Business Today

Your Cake, Your Way

India Inc.'s generous serving of dividends, despite dismal earnings growth, feeds its own needs.
twitter-logo Jyotindra Dubey        Print Edition: August 30, 2015
Your Cake, Your Way
Illustration: Raj Verma

Dividend payout is a crucial indicator for investors while selecting stocks. A company with a regular dividend payment history shows it is making profits. If the company decides to pay higher dividend, it should mean that profits have also increased. But, recent data show otherwise. India Inc. has been very kind in distributing profits to their investors, but there is huge inconsistency between their profit and dividend payout growth.

Equity dividend payout of BSE 500 companies between 2009/10 and 2013/14 rose at 15.3 per cent compound annual growth rate (CAGR), while their net profit increased by only 8.2 per cent CAGR. Sample this: Out of the 715 companies that have released their annual reports for 2014/15, dividend payout witnessed a 19 per cent growth, while net profits was just at 4 per cent. Around 18 per cent of these companies have increased their dividends payout ratio in 2014/15 despite witnessing a negative growth in their bottom-line.

This puts a big question mark on the policies of corporate India and the rationale behind increasing dividends. "One of the major reasons behind rising dividend payouts is weak business sentiment and lack of investible opportunities. So, companies, which are sitting on cash, have preferred to distribute the surplus," says Amit Tandon, Managing Director, Institutional Investor Advisory Services (IiAS).

Rs 11,400 crore amount earned by TCS promoter Tata Sons through dividends in 2014/15

The bulk of growth in dividend payouts in 2014/15 came from TCS, Infosys, Bharti Infratel and Wipro. TCS paid Rs 15,474 crore to shareholders, two-and-half times more than last fiscal. A special dividend of Rs 40 per share to celebrate its tenth year of stock market listing, made the difference. Wipro's and Bharti Infratel's dividend payout were up 50 per cent and 150 per cent, respectively. Apart from Bharti Infratel, whose bottom-line grew 31 per cent in 2014/15, all others showed marginal growth in profits. TCS, which emerged as India's highest dividend payer in 2014/15 even with its net profit growing just 4 per cent year-on-year, also surpassed Coal India, the highest dividend payer traditionally.

Dividend announcements also have an impact on stock prices - a major factor behind the stock market performing well, regardless of the poor corporate results. As on August 6, the Sensex gained 5,728 points, up 25.6 per cent from its March 2014 levels. Dividends paid add up to the shareholders' return, over and above the capital gains they earn through share price movements.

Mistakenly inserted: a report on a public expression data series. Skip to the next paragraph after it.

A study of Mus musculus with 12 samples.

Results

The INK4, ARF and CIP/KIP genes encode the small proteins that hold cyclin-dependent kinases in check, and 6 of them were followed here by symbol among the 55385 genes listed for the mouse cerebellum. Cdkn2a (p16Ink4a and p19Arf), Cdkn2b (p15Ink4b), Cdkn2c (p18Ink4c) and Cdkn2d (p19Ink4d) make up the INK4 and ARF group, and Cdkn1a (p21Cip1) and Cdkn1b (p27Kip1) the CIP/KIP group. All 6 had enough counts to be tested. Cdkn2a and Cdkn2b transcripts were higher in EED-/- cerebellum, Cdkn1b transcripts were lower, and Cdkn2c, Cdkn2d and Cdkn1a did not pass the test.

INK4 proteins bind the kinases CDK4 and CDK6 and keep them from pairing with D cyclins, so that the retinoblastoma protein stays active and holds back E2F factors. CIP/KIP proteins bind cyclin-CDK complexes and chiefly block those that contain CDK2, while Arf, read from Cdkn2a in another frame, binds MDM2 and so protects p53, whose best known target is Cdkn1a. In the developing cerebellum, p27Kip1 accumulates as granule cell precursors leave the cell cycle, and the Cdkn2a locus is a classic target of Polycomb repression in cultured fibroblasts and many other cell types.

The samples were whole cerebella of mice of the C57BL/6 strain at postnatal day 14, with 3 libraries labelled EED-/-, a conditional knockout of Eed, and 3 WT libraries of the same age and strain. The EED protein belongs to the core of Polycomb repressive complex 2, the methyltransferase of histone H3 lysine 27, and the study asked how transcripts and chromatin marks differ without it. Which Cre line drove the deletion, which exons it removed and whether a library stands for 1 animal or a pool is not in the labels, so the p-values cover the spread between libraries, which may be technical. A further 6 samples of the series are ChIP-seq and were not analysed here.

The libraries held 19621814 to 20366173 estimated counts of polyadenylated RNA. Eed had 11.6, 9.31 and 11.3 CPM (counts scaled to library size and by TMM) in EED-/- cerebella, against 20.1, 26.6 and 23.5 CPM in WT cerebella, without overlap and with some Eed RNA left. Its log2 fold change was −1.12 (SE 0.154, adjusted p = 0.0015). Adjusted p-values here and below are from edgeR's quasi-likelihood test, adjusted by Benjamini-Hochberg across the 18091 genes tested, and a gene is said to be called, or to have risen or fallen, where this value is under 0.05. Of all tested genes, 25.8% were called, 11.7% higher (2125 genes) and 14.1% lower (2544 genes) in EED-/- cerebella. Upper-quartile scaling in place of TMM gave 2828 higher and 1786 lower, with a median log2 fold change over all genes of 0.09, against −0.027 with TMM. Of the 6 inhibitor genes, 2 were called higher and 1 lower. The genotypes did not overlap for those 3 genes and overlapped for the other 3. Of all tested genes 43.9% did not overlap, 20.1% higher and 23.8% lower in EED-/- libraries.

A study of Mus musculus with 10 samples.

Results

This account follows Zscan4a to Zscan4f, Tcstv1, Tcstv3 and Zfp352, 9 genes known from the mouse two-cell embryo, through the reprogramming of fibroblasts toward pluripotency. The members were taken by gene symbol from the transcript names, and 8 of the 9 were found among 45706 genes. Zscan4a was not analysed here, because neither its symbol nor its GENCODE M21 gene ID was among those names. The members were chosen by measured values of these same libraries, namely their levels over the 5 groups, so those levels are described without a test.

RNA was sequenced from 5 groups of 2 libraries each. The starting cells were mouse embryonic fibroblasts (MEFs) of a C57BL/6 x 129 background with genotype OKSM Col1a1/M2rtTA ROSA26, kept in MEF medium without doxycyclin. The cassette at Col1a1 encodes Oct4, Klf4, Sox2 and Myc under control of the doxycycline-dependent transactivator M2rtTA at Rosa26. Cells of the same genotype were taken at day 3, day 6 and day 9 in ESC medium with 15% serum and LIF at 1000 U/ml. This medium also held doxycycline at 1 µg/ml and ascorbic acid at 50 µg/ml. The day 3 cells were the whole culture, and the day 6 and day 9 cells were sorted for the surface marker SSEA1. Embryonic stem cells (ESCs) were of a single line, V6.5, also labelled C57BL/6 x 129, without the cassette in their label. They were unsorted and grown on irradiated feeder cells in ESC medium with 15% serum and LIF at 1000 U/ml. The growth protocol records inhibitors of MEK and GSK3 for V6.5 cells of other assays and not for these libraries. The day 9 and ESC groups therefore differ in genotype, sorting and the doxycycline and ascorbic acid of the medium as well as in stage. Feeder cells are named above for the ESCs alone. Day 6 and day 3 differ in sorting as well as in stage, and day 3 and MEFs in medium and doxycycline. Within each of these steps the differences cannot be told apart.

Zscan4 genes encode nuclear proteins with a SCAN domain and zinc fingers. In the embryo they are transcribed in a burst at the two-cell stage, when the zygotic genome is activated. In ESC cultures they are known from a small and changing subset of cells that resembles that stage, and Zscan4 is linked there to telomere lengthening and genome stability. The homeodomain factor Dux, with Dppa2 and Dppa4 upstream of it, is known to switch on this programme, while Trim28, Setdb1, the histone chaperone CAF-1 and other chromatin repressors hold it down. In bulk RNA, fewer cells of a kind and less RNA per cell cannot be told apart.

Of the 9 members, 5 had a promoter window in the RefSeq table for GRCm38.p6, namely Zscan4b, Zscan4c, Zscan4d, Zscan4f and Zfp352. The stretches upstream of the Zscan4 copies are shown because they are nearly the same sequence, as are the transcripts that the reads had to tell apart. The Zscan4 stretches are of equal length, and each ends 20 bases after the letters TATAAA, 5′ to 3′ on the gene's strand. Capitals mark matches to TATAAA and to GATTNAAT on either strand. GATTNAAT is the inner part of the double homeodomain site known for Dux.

"Dividend payout is a distribution of value to investors unlike earnings growth, profitability and cash flows, which are considered to be value creators. Investors attach more importance to value creation in their investment decisions. That said, dividend payout does act as a cushion to valuations and profitable companies, which generate free cash flow from operations (FCFO) and pay dividends, are considered good investment bets. However, low ROCE, high dividend companies with negative FCFO and leverage may not necessarily be good bets," said Ravi Sundar Muthukrishnan, Co-Head Research, ICICI Securities.

Dividend income, however, does not add much to the profits of small investors. But, promoters and large investors make considerable wealth from the bounty. Interestingly, all major dividend payers herein, are promoter-led companies. Tata Sons, the promoter of TCS, owns 73.7 per cent shares and has earned around Rs 11,400 crore through dividends. Most of this money will be reinvested in other Tata Group companies, such as Tata Steel, which are struggling to get back on track.

Another major contributor to the spurt in India Inc's dividend payouts is public sector units and the reason is evident: As the government of India is a majority shareholder, it is directly benefitting from liberal dividend payouts by PSUs. "The fiscal deficit pressure has resulted in PSUs steadily increasing dividends and this is reflected in the increase in aggregate dividend payouts of India Inc," says Tandon.

Coal India paid dividends of Rs 13,075 crore in 2014/15, followed by Rs 8,128 crore by ONGC. Both companies had reported a dip in profits last fiscal.

While the regulations in India do not mandate companies to state a clear dividend policy, the disconnect between dividend payout and profit builds a strong case for a transparent mechanism in declaring dividends. "The regulator must encourage companies to declare a clear dividend policy in the company's annual filings. Companies must also spell out the minimum dividend they will pay as a percentage of its earnings, and this should also be placed before the shareholders' for ratification," adds Tandon.